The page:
Trash. A world of trash. Heaping mounds of trash, stacked on other mounds of trash, laying on mountains of trash. That’s right folks… welcome back to Deponia. Chaos on Deponia is the second installment in a trilogy of point and click style adventure games starring Rufus, the dashing, egotistical, and amazingly inept protagonist, and his “girlfriend” Goal, a daughter of Elysium (read: Huge Orbital Starship) who is attempting to stop the Organon (read: Bad Guys) from eliminating all life on Deponia.
Exactly like it’s prequel in every way, Chaos on Deponia is point and click adventuring at both its finest and its worst. We have a huge inventory, innumerable, inane items to collect and combine, and people/objects/platypus to interact with. We have a vast world to explore, logic puzzles to solve, and absolutely no way to no what we’re supposed to do next.
Wait, what? But, Brian, this is an adventure game. You’re supposed to click on everything, combine everything, and throw everything you’re both combined and not combined at everything you can click on but not pick up until you progress. That’s what point and click adventuring is you nincompoop.
Yeah I know that. It’s been this way since point and click evolved past “Pick up orange” style command lines. But it’s time for an update. Now, I’m not talking about a GPS style line, leading me along by the nose to the next step, but a simple log, maybe detailing, I don’t know, what the heck is going on, would be useful. At the very least, it might keep me from constantly having to retrace my steps, wondering if I really did click on that junk pile, or if I used the Meat Popsicle in my inventory to lure out the hungry ferret who in turn will bite my pants leg which will lead to me using them as a pastry bag with which to dispense icing on to a cake for the mayor’s party (This isn’t a real example.. but it could have been).
For all those purists that made it through that last paragraph wanting to string me up by my pastry bag pants, Chaos on Deponia is probably the best adventure game I’ve played in a long while. It’s completely serviceable at what it does, and even contains more then one chortle out loud moment that makes the journey through the “adventure” portion of the game worth taking for fans of the genre.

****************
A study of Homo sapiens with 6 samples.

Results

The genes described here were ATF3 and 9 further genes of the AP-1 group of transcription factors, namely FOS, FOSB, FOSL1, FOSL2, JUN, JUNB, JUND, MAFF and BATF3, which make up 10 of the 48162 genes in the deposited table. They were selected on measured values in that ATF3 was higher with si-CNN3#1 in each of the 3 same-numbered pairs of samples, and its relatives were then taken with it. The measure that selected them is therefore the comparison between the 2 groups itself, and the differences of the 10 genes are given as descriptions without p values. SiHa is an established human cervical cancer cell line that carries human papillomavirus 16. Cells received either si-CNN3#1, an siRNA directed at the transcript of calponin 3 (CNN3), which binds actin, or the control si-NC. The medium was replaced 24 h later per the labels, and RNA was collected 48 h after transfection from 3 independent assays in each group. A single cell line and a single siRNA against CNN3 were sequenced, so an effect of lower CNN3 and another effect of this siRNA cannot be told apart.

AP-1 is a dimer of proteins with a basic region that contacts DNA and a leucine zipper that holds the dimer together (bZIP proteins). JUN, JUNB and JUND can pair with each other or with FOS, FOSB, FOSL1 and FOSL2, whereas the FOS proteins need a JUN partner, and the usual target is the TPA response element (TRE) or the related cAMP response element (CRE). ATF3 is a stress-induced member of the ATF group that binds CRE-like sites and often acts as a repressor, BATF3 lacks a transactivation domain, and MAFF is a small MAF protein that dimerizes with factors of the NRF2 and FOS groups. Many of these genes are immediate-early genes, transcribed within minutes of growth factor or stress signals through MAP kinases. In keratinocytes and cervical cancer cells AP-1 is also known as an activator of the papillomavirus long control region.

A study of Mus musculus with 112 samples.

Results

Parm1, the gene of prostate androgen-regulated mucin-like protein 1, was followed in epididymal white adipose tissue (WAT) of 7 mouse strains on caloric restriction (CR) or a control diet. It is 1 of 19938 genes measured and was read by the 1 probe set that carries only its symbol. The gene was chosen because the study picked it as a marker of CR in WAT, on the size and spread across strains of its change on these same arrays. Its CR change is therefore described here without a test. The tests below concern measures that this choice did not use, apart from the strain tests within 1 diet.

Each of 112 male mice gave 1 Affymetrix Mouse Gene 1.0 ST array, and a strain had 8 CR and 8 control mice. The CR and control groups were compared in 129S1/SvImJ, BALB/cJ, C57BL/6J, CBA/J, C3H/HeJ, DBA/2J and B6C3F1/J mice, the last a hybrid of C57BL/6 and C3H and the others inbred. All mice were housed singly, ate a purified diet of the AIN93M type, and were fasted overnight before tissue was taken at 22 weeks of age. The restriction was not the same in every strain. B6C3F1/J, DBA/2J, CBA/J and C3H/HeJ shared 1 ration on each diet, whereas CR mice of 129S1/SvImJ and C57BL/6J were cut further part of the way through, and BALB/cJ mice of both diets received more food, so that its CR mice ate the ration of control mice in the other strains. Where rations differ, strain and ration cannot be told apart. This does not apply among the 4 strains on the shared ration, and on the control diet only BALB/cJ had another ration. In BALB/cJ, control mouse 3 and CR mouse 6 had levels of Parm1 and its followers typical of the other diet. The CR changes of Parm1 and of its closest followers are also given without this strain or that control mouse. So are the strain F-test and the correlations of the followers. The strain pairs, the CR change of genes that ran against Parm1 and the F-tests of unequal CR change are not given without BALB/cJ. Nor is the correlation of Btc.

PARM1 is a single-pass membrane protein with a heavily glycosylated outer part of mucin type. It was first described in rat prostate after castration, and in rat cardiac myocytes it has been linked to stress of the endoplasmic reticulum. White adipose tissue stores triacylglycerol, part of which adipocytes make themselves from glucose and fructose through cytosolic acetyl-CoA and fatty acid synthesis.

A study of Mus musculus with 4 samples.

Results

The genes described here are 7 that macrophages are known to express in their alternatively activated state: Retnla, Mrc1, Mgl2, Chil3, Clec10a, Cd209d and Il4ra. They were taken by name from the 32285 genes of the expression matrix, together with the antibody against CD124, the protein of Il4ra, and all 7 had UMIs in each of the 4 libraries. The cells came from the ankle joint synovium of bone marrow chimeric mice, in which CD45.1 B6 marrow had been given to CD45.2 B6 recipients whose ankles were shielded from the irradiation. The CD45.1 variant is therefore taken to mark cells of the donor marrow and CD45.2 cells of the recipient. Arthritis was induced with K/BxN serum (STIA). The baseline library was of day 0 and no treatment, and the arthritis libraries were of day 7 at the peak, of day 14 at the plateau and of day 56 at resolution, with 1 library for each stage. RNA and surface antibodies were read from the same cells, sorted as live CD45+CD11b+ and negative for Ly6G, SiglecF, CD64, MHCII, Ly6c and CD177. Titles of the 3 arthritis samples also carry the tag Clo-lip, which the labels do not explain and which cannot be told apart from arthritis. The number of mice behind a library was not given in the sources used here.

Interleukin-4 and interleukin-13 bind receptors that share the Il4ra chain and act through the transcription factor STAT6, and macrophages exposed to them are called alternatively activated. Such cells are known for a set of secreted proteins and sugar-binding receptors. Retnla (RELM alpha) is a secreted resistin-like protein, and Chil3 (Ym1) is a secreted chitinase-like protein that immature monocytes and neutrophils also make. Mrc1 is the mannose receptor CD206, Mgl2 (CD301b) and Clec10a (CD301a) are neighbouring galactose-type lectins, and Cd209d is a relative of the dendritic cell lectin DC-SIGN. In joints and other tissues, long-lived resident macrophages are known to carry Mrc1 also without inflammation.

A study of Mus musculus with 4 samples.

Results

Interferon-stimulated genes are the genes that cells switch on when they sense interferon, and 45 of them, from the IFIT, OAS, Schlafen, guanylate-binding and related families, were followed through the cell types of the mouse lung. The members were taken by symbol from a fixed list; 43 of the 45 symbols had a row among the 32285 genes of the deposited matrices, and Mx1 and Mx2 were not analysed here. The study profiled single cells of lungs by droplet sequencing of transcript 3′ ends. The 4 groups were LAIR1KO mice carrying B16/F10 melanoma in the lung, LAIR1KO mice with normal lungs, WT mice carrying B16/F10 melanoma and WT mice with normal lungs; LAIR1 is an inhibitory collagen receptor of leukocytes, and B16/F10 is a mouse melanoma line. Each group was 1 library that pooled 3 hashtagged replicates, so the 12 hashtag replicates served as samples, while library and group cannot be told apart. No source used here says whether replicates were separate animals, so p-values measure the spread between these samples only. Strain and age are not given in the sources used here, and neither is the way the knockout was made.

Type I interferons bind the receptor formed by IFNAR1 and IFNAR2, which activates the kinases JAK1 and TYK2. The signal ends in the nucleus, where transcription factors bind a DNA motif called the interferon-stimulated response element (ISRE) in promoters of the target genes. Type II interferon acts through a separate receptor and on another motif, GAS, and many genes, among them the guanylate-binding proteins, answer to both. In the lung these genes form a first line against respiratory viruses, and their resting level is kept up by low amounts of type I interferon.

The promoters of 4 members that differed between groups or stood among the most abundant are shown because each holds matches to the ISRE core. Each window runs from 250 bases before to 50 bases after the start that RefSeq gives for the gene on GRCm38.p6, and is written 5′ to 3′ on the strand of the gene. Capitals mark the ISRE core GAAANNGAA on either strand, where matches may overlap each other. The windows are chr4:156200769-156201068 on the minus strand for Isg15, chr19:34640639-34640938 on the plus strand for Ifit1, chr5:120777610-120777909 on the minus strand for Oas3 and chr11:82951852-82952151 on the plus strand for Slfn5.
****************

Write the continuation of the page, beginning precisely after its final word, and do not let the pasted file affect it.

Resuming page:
For all the bile I just laid out on the game play style of Chaos on Deponia, it is a truly gorgeous game. The backgrounds are stunning, all the characters are interesting and vibrant going about their cartoon-y world, and outside of a little choppiness in some of the cut scenes (I blame my computer for this and not the game), it ran smoothly and consistently the whole time. Environments are pretty varied, even in the Floating Black Market, which serves as the game’s largest playable area. My favorite, visually at least, was the North Pole. It’s bright white snowy back drop was so distinct among the rest of the trash filled world, that it was a real surprise to see it included.
If you like point and click adventure games, and enjoy laughing, you’ll get a kick out of Chaos on Deponia. It’s a light, funny story, with some classic zany antics and interactions. The developers went out of their way to throw in tons of pop culture references, my favorite of which is an appearance by the Lost numbers.
That being said, and as you have probably figured out by now, I have issue with the elongated style and reward loop of the classic adventure system. When it works, you feel like you’ve conquered the world, having just beat the developers at their own game. When it doesn’t work, it can become an almost hopeless series of backtracking and clicking, listening to the same dialog or seeing the same sites until either something clicks, or you get lucky enough to stumble upon the correct sequence of events. A log, or even a hint system, hell, anything pointing you in the right direction would go a long way to resolving these issues. Point and clicks have already taken a huge leap forward out of the days of the pixel hunt with the advent of the “space bar to highlight” system, and I don’t think a log would be really be asking to much.
For what it is, Chaos on Deponia is… well… it’s an adventure game. If that equals fun to you, then I have no question that you should invest in this series, as there are hours of good times waiting for you. If you’re not a fan, then I amazed you’ve read this far, I gladly thank you for it nonetheless, and invite you to peruse some of the other articles on Darkstation.com in the hopes that you’ll find something more enjoyable.